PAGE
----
Go, already!

It’s no secret that I don’t particularly like the younger generation.

They can’t read, write, behave properly, speak in sentences, and basically inspire any admiration from a person like me who freely admits to having a generational bias against generation X, Y and Zzzzzz.

No doubt we annoyed our elders in the sixties, so it’s perfectly natural that we should feel the same way about the younger generation. I also acknowledge that young people have the right to not like us either. However, whereas we couldn’t wait to leave home and so married younger than we should have or escaped overseas, today’s offsprings are not as desperate for liberation as we were.

They are quite happy to stay at home with their boomer parents because they want to be supported financially. It’s not that they love their homes or their parents. It’s not that they feel their parents need them. Actually, what their parents want or need does not figure in their thinking for one moment. Their motivation is purely financial. They want to drive a nice car, travel, buy trendy clothes, even buy a property, but they can’t do this and pay rent or buy food, so they stay with their long-suffering parents and mooch off them.

I must make one point clear and that is that my children took flight as early as they could. (Yes, I know what you’re thinking. Who can blame them, right?). Both of them support themselves admirably, so I’m not complaining about my own predicament, but I have observed that many young men and women inflict themselves on their parents well into their thirties and forties. This apparently, according to economists, places an unfair financial burden on pre-retirees who are trying to build enough retirement income for their future.

AMP financial planner, Mark Borg is quoted in the Brisbane Sunday Mail as saying that forced savings by children while at school have disappeared. As a schoolgirl I remember having visits at school by banking reps who handed out money boxes in order to encourage us to save. There was even a banking day very week. This instilled in the young a desire to save for special occasions and it made pocket money an educational tool.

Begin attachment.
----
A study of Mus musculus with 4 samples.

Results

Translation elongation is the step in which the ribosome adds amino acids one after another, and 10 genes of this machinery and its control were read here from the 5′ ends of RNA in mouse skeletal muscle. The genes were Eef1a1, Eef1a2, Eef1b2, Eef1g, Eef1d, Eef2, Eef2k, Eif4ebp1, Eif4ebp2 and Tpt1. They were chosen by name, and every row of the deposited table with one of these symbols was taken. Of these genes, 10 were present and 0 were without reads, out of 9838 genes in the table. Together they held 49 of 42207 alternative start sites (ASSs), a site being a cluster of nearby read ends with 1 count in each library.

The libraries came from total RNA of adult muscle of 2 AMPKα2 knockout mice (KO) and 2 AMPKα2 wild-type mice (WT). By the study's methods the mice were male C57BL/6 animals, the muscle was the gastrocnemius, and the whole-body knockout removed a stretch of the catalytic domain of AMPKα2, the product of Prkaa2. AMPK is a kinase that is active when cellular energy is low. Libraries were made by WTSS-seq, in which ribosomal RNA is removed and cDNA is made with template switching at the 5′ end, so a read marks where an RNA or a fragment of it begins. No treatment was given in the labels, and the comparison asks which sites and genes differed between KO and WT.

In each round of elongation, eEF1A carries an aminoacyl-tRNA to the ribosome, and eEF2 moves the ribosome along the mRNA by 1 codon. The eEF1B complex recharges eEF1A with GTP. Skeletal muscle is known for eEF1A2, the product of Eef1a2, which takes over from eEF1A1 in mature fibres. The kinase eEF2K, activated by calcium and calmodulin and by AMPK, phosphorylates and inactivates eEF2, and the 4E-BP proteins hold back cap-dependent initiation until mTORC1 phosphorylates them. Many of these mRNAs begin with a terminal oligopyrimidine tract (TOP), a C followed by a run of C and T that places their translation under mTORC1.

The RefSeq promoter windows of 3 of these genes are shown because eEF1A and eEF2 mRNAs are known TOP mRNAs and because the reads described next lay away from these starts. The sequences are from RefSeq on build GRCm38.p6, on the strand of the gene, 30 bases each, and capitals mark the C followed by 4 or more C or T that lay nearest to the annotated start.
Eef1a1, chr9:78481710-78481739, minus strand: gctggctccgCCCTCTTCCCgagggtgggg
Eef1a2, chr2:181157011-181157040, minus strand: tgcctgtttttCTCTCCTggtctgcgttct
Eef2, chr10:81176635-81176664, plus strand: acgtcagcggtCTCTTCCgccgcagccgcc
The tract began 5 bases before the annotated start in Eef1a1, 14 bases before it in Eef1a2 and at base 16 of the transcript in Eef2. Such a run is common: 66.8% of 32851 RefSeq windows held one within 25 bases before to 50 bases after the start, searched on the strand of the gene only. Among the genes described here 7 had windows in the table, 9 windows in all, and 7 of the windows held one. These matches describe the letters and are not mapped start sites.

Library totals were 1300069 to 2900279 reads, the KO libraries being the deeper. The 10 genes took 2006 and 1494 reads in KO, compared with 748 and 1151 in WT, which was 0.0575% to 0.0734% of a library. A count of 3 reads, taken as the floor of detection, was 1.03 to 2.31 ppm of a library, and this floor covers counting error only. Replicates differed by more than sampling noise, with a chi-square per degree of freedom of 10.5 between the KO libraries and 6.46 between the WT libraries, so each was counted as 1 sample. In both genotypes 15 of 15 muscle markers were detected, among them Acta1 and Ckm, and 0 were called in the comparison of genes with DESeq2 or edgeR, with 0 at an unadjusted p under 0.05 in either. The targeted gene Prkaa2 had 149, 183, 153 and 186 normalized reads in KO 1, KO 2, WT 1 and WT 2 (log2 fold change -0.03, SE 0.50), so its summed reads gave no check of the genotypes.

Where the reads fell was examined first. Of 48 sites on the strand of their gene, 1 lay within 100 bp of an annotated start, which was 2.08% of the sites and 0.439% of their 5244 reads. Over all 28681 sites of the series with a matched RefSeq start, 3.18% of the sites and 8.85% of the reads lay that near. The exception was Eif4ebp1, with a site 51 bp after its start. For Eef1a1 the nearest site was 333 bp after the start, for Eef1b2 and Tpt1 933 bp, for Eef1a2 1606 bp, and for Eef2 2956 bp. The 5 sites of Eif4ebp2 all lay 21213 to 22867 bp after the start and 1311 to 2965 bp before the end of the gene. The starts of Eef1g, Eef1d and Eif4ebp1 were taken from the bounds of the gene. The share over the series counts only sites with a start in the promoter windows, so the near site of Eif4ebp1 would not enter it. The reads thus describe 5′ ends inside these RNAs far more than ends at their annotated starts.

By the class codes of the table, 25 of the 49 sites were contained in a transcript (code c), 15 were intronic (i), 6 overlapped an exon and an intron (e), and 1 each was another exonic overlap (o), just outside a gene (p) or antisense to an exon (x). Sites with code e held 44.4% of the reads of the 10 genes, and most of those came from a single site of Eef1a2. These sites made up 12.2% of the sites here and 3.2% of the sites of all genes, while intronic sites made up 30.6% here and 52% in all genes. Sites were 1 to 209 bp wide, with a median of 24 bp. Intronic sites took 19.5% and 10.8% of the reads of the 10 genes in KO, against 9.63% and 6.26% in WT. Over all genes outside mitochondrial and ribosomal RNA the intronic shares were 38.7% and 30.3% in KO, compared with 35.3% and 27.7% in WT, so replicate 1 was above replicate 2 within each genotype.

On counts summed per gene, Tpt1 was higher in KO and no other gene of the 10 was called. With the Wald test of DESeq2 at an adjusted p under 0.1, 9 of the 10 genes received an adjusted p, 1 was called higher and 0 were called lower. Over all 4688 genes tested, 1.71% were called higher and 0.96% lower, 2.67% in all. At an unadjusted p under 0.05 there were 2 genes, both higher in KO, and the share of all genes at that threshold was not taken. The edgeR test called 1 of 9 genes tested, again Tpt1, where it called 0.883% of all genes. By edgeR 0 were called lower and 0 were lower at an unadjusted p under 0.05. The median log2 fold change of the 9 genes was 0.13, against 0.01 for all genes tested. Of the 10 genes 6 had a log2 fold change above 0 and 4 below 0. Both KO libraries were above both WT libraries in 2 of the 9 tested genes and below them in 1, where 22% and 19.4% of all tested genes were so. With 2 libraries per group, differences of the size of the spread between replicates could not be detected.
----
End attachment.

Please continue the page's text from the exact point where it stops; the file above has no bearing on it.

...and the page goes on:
Sadly, I never had any money or a bank account because my parents were of the belief that children should not handle money. It is a fact that I was the only girl in the universe who had to take one little piece of chocolate wrapped in its foil to the cinema and I felt truly deprived. So it was inevitable that I would support the idea of pocket money and enforced savings so that my children would learn how to handle the stuff.

Expecting working children to pay board, Mark Borg tells us, will make it less attractive for young people to stay at home. The money can be used to help the children finance a home for themselves. Well-heeled parents can even match the money dollar for dollar as an incentive.

Having young people bludge off their parents is not doing anyone any good. The young people are discouraged from being independent whilst the parents are seriously depleting their retirement savings.

Mr Borg blames the parents who just can’t say no to their children. Personally, I am having a hard time thinking of these young men and women as children since many of them bring lovers home as well. So not only do you have to support your kids but you also have to support someone else’s. That certainly makes for happy times, doesn’t it?

The latest argument that has been offered for young men and women remaining with their parents is the high cost of housing. Perhaps houses cost a lot but young people are not denying themselves the trip to Bali, the electronic gadgets, the restaurants, expensive labels and they feel no remorse if their parents fund all their avarice.

The irony is that the same young folk who mooch off their parents also complain that the boomer generation is an obstacle to their professional success. They would like us to get out of the way so that they can start at the top.

One great way to counteract all this greed if one hasn’t got the guts to say, “Time to move out, cause you’re using too much of my grey covering hair dye,” is to take out a reverse mortgage on the family home. Since you have been forking out much of your retirement savings on those wasters, then you can borrow money on the home and enjoy what you have left of your retirement. They may not like it, but hey, you won’t be around to hear their complaints.